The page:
If you’re interested in community-based tourism in Cambodia, this quick round-up of the best performances, hotels, shops and more is an excellent place to start. For a more in-depth exploration of why community-based tourism is important, check out Tom Vater’s personal experiences in Community-Based Tourism in Cambodia.

“Community-based tourism” is a hot topic in Cambodia, where many worthy projects compete with more conventional—and even downright crooked—enterprises in a rapidly growing economy. The below are guaranteed ways to put your money toward a good cause.

A Phare circus performer balances high on drums and boxes.

Phare: The Cambodian Circus performances take place in the specially constructed Big Top. Photo © U.S. Embassy Phnom Penh, licensed Creative Commons Attribution No-Derivatives.

Sights and Performances

  • Phare: The Cambodian Circus is the most rewarding (and quite new) attraction in Siem Reap that contributes to the community. Performances take place in the specially constructed Big Top and are well worth a visit, especially for families. While this phenomenal circus is actually a private enterprise, its students have gone through a rigorous NGO-based training program—a great marriage of development and business.
  • The Cambodia Land Mine Museum, located near Banteay Srei, is managed by a Canadian NGO and educates visitors about one of the terrible curses of the 20th century. The center’s proceeds go to a home for destitute children.
  • Shadow Puppet Theater shows are held weekly at the hotel La Noria in Siem Reap. These traditional shows are performed by kids from the Krousar Thmey NGO.
  • Apsara dance performances, organized by the NGO Sangkheum Center for Children, are held at the hotel Soria Moria in Siem Reap.

Tours

  • Tonlé Sap Lake Tours are available through the Sam Veasna Center or Osmose, both of which support conservation efforts.
  • Khmer Architecture Tours in Phnom Penh are offered by the excellent KA Tours, an NGO that promotes and documents modern Khmer architecture.
The National Museum of Cambodia in Phnom Penh, Cambodia.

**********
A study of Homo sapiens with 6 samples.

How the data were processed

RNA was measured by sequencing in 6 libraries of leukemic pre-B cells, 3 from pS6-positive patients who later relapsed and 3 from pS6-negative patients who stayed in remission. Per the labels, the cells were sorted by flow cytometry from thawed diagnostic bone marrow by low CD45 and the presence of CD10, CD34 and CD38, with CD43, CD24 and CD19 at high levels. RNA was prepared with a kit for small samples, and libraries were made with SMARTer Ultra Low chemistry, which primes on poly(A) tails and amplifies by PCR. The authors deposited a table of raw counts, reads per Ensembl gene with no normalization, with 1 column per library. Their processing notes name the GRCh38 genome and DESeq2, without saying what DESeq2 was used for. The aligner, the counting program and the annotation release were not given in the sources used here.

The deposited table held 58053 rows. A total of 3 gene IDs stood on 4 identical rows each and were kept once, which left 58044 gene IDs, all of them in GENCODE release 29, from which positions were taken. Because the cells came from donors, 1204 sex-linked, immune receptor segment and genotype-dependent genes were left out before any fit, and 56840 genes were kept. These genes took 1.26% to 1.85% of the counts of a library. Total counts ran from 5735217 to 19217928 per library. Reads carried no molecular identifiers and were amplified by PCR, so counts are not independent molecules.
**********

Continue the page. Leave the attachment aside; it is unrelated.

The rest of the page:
The National Museum of Cambodia in Phnom Penh, Cambodia. Photo © Phalinn Ooi, licensed Creative Commons Attribution.

Hotels and Homestays

  • The Paul Dubrule Hotel and Tourism School, near Siem Reap’s airport, provides training in the restaurant and hotel business. Visitors are invited to stay or eat at the school.
  • Shinta Mani, in Siem Reap, is an excellent hotel that runs a foundation to support projects in education, small business start-ups, and health care.
  • The Banteay Chhmar homestay program provides income for local families while giving visitors a window into Khmer life.

Restaurants

  • Le Café, in Siem Reap, is associated with the Paul Dubrule Hotel and Tourism School.
  • Singing Tree Café, in Siem Reap, supports several worthy causes.
  • Blossom Café, in Siem Reap, is an NGO-training place that empowers Cambodian women.
  • Kinyei Café and Fresh Eats, in Battambang, are NGO-affiliates that train local youth.
  • Jai Baan Restaurant, in Battambang, aims for gourmet dining in an NGO setting.

Shops

  • Rajana, in Siem Reap, sells products made by underprivileged Cambodians.
  • Senteurs d’Angkor, in Siem Reap, is an outlet that works only with local people and uses only local products.
  • The Reyum Institute, in Phnom Penh, is a Cambodian NGO that runs a free arts school for Cambodian children. Check out their interesting gallery and shop on Street 178.

Excerpted from the Second Edition of Moon Angkor Wat.